Not Everyone Uses Palms

5:16 PM, Mar 24, 2013   |    comments

Since Palm leaves aren't availble around the world, this time of year, some countries  use olive branches or willow branches and the day has a different name.

JERUSALEM  -- Hundreds of Christians in Jerusalem are marking Palm Sunday, the start of the Catholic Holy Week that concludes with Easter.

Crowds of faithful gathered into Jerusalem's Church of the Holy Sepulchre, the traditional site of Jesus' crucifixion and resurrection. Many waved palm fronds to symbolize how worshippers greeted Jesus over 2,000 years ago as he triumphantly returned to Jerusalem.

Mostly Palestinian worshippers gathered in the Nativity Church in Bethlehem, traditional site of Jesus' birth, clutching olive branches and bouquets as they sung in praise.

There are some 50,000 Palestinian Christians, a tiny minority among a mostly Muslim society. They must obtain military permission to enter Jerusalem, and a Palestinian official said most applicants had their requests rejected. Military spokesman Guy Inbar said they had issued 20,000 permits so far.

VATICAN CITY -- The Vatican estimates that 250,000 people jammed St. Peter's Square today to hear Pope Francis celebrate Palm Sunday Mass.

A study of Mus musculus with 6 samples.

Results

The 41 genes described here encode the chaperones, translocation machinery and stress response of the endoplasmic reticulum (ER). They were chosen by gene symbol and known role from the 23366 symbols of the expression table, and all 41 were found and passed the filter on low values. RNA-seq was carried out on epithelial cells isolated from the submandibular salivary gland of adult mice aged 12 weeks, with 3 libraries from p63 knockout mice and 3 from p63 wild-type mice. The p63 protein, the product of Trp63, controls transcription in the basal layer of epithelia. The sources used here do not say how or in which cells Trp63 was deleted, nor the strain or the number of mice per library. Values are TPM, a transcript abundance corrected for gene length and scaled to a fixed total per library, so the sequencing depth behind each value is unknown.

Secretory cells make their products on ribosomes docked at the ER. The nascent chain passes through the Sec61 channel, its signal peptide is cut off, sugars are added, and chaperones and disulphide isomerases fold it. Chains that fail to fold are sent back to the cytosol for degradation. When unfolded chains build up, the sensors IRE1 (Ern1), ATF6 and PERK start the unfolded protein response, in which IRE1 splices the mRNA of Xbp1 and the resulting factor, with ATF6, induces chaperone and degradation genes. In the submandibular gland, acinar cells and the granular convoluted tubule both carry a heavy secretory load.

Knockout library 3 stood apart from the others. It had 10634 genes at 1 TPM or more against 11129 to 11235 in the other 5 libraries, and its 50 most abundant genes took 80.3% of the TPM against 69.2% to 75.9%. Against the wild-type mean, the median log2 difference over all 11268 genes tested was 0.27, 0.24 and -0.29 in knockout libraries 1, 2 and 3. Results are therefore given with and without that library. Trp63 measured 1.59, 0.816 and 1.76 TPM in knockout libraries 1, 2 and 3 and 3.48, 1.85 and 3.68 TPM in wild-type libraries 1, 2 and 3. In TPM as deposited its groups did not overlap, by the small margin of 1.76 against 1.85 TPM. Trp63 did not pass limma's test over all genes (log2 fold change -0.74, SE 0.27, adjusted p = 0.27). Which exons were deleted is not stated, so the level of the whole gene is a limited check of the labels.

The enthusiastic crowd waved olive branches and palm fronds as the Catholic church marked the start of Holy Week, the solemn week leading up to Easter.

In his homily, the pope encouraged people to be humble and joyful. He said Christian joy "isn't born from possessing a lot of things but from having met" Jesus. He said that same joy should keep people young.

Keeping with his spontaneous style, the first pope from Latin America broke away several times from his prepared text to encourage the faithful to lead simple lives and resist the temptation to be sad when life's obstacles inevitably come their way.

He also promised to go to a youth jamboree in Brazil in July.

At the end of the two-hour Mass, Francis climbed into an open popemobile to circle through the crowd. He leaned out to shake hands, kissed and patted the heads of infants passed to him by bodyguards, and often gave children the thumbs-up sign.